The network’s boss Kevin Lygo outlined plans currently in discussion that would see production on both shows resume, while still obeying guidelines around social distancing, after filming was shut down due to the coronavirus outbreak last month.
ITV moved to halve the number of episodes airing per week on both shows, and at the current rate, Lygo told the virtual Edinburgh TV Festival that Emmerdale will run out of new episodes in May, while Corrie will run out the following month.
Speaking about of the possibility of resuming filming, he said: “ITV without soaps is barely ITV... They are terribly important to get back up and running.
“They are working really hard now as to how, when, if and when restrictions are lifted a bit, how can we make the soaps in a safe way.”
Lygo went on to say ITV is “having to investigate whether testing is an option and how we would do it on actors on crew”.
“You need make-up, you need wardrobe, people will not be able to stay six feet apart and how can that be done in a safe way,” he continued.
He also noted that storylines and scripts are being adapted around the coronavirus pandemic, which it was previously revealed could be referenced on screen.
Lygo added that both soaps could also see an increase in scenes involving just two characters, with editing used to make the actors appear as if they are closer together.
He explained: “We won’t go back in shooting until we are convinced it is safe, we don’t want to put any of our staff, our cast and our crew, at risk.
“Some people who are in a dangerous zone, by age or health reasons, they won’t be there, I’m sure, for a time.
“I don’t want Ken Barlow [played by William Roache, 88] to get sick on my watch. We will be very careful and mindful about that sort of thing.”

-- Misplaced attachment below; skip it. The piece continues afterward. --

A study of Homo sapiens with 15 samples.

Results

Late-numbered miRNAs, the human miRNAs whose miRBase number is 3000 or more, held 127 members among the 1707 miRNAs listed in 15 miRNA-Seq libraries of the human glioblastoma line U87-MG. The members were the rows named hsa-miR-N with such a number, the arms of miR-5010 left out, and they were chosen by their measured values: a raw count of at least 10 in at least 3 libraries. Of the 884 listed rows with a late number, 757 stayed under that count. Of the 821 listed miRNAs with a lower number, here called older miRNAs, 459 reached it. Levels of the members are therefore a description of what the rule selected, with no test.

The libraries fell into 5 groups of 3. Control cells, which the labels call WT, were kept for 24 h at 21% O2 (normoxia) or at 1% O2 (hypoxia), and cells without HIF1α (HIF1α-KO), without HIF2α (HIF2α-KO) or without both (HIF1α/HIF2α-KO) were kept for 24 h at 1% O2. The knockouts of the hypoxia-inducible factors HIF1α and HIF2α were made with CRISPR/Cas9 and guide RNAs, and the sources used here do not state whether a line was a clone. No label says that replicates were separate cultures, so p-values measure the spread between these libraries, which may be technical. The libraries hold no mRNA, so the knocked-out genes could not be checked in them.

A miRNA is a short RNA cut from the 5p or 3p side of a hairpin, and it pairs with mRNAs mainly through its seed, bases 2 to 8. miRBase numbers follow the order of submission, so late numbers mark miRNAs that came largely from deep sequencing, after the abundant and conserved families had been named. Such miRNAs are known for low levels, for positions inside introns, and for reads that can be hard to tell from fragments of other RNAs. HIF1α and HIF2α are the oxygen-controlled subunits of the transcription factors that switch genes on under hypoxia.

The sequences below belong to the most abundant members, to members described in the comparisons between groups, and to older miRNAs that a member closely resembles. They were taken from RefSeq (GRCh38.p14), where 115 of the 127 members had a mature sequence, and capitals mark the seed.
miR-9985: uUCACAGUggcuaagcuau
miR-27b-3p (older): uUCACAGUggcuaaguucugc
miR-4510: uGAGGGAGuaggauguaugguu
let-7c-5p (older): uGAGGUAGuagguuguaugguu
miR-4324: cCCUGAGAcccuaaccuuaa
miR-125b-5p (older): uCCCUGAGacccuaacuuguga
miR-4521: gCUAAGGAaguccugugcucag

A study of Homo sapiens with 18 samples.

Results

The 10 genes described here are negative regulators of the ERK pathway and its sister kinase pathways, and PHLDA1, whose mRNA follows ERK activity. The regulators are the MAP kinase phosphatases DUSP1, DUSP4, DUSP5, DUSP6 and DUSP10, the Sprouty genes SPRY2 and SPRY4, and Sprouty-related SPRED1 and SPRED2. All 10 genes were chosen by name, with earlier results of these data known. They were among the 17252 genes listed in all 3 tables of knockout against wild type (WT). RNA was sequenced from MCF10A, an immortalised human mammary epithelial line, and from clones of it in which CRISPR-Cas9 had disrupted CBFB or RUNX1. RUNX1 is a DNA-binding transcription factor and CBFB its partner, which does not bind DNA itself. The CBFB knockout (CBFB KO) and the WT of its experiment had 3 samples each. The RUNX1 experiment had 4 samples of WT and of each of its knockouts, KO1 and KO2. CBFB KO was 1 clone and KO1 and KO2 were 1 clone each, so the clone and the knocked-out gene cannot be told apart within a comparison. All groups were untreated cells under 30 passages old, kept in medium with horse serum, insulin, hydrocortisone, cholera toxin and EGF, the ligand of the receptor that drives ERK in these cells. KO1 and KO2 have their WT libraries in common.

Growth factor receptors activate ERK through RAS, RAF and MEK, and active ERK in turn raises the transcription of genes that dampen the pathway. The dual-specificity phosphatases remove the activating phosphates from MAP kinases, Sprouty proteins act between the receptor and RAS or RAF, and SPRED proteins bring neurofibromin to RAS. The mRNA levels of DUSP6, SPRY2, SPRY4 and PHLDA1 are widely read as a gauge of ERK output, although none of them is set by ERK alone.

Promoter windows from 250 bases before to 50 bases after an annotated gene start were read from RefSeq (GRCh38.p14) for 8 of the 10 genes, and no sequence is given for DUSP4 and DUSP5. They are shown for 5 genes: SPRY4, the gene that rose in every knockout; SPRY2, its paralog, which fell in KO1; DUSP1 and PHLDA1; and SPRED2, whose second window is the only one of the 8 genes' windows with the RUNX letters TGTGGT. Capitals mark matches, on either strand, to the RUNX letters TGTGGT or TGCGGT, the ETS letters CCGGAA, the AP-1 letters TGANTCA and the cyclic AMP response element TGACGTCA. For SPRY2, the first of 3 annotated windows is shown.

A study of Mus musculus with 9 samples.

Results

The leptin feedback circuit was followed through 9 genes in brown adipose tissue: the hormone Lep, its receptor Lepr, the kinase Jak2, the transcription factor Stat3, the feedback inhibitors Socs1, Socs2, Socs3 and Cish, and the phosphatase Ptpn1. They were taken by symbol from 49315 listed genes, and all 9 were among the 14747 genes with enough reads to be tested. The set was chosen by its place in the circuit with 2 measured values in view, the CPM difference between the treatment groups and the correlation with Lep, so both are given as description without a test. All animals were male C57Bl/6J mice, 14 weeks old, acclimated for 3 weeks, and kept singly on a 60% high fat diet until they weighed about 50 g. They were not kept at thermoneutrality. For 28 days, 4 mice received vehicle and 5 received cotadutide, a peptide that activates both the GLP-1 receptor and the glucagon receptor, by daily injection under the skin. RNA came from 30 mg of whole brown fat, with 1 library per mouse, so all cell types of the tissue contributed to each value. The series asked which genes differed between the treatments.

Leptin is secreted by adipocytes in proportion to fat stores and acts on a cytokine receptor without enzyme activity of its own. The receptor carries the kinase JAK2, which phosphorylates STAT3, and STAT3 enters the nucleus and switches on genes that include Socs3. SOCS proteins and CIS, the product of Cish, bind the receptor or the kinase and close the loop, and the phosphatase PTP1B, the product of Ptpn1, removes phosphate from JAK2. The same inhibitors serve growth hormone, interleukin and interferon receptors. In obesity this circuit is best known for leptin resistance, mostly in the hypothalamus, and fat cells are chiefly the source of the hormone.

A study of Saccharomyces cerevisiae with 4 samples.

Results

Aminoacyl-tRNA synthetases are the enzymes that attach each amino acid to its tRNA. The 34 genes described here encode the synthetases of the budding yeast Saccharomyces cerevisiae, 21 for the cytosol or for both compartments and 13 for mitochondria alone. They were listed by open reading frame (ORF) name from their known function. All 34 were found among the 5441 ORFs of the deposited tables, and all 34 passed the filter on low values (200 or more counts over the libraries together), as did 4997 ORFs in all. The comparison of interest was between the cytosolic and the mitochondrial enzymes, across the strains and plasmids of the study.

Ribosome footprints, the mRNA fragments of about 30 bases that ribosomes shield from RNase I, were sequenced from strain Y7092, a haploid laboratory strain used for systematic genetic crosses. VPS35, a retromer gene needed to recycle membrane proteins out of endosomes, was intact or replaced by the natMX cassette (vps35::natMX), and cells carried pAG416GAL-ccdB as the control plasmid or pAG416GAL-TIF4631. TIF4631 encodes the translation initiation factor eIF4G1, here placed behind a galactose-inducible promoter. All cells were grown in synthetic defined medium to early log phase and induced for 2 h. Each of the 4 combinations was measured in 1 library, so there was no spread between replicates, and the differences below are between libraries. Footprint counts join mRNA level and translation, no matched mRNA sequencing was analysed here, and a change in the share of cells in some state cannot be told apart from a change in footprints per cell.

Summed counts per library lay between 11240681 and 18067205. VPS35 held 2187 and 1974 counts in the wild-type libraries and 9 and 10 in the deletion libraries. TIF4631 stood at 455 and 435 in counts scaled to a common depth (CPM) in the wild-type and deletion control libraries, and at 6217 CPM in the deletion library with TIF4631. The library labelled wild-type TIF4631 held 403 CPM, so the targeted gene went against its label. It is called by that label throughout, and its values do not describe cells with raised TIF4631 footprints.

If Coronation Street and Emmerdale – which are both currently airing three episodes a week each, instead of the usual six – do fall off air, it would be the first time this has happened in their respective 60 and 48-year histories.
Australian soap Neighbours is currently leading the way on soap production during the pandemic, becoming the first show of its kind to resume filming earlier this week.
They are trialling editing techniques to make their actors to look closer together, as well as implementing a number of safety measures, including temperature checks for cast and crew, new hygiene protocols and special officers running the sets to make sure rules are adhered to.
Neighbours’ executive producer, Jason Herbison, told Sky News earlier this week: “We are taking advantage of every inch of the site and spreading everyone out, creating separate areas which limit the movements of each individual.”
The BBC said earlier this week it was “not quite at the point” where it could resume production yet.